By a unanimous vote, the Charles school board approved its general fund budget for fiscal 2022 on June 8.
The $408 million budget is an increase over the current $401 million budget. The county’s portion increases from $195.7 million to $200.9 million, including a one-time expenditure of $247,000. The remainder of the funding is primarily from the state, along with some federal funding.
Despite the increases, which help provide for a salary increase of one step along with a 1% cost-of-living adjustment for employees, the school system will not be adding 12 counselors and psychologists.
Daily and hourly wages rates will also increase. For degreed substitute teachers, the daily rate will rise from $104 to $107. Non-degreed substitutes’ daily rate will increase from $89 to $94. Karen Acton, assistant superintendent of fiscal services, noted some workers’ hourly rates will increase from $11.75 to $12.50 because of an increase in the minimum wage.
The budget was $5.5 million less than requested by outgoing Superintendent Kim Hill in February.
According to a staff budget document, the 12 additional counselors and psychologists would cost $1.3 million, plus another $80,000 for staff mental health professional development.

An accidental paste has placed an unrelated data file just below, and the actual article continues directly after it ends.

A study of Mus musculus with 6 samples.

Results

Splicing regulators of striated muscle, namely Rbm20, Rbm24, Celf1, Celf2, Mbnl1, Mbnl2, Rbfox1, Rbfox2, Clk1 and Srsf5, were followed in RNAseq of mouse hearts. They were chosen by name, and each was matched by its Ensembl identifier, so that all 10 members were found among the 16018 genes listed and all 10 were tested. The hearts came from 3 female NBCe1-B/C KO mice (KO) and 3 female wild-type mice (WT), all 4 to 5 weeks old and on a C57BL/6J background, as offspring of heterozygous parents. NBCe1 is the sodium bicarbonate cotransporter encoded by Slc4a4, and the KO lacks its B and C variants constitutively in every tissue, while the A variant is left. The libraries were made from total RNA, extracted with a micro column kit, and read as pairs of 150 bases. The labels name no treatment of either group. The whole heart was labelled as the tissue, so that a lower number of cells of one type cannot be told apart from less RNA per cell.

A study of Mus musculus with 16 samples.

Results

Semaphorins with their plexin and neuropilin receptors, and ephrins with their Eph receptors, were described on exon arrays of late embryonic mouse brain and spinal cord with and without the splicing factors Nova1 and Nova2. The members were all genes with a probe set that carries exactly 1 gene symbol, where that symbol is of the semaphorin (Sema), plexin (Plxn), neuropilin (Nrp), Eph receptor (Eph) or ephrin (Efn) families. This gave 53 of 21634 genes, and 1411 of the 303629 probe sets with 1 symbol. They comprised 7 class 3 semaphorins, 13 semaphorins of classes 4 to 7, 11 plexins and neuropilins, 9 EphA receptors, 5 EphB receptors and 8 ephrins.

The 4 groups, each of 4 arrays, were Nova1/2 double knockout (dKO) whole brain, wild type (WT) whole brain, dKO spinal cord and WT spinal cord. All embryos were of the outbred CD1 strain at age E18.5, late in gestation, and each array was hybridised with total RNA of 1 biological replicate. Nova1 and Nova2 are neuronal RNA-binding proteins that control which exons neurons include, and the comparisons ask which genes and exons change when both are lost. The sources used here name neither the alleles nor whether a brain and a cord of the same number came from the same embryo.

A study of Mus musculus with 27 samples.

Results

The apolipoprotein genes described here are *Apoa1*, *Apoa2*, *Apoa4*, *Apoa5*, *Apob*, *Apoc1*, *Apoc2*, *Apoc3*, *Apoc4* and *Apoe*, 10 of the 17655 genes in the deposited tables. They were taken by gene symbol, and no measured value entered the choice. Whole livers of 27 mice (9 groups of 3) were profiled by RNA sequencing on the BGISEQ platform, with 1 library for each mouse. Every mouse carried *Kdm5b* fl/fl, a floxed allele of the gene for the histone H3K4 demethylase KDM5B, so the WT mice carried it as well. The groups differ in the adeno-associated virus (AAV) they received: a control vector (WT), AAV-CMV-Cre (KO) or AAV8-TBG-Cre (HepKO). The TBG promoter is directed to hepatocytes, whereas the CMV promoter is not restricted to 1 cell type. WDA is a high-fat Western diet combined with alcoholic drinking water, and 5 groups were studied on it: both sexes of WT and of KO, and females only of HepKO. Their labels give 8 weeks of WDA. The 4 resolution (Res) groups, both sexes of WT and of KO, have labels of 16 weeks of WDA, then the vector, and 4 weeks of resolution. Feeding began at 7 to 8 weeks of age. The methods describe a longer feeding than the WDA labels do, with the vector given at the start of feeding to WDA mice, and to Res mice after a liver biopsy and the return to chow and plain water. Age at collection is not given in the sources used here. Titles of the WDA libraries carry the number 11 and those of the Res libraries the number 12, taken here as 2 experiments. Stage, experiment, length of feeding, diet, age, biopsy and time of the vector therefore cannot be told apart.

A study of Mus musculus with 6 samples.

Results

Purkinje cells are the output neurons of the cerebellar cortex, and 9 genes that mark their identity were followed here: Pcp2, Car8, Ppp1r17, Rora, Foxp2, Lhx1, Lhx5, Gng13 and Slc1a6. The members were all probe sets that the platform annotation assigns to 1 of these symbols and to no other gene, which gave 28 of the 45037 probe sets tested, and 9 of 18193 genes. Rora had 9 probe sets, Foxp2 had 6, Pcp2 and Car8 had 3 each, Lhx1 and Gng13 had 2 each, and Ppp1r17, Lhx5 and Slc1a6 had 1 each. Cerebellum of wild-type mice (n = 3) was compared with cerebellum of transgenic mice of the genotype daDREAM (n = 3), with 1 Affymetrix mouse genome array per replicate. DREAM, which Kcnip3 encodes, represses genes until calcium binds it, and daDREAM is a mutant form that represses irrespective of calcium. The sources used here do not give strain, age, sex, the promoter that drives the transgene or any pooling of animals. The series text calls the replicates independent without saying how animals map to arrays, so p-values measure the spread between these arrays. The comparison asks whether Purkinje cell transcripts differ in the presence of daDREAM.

“It’s a shame we can’t fund 12 counselors,” board member David Hancock said. He added that the board thinks their proposed budgets are “completely realistic.”
Board member Michael Lukas said he wished the school system’s funding per pupil average of $14,338 was at the state average of $14,881.
According to a board chart, Calvert’s is about the same as Charles’ but St. Mary’s is significantly lower at $13,452 in data from the 2018-2019 school year.
Hancock was the lone “no” vote against a 2022-2023 school calendar proposal.
He disagreed with a pre-Labor Day start, which the school system did last year and plans to do in the fall.
Hill, who is leaving June 30 for retirement, thanked the board. She has worked for Charles public school system for 35 years as a teacher, vice principal and principal.
Linda McLaughlin, who has been president of the Education Association of Charles County for seven years, noted that she will be replaced on July 1 by Sean Heyl.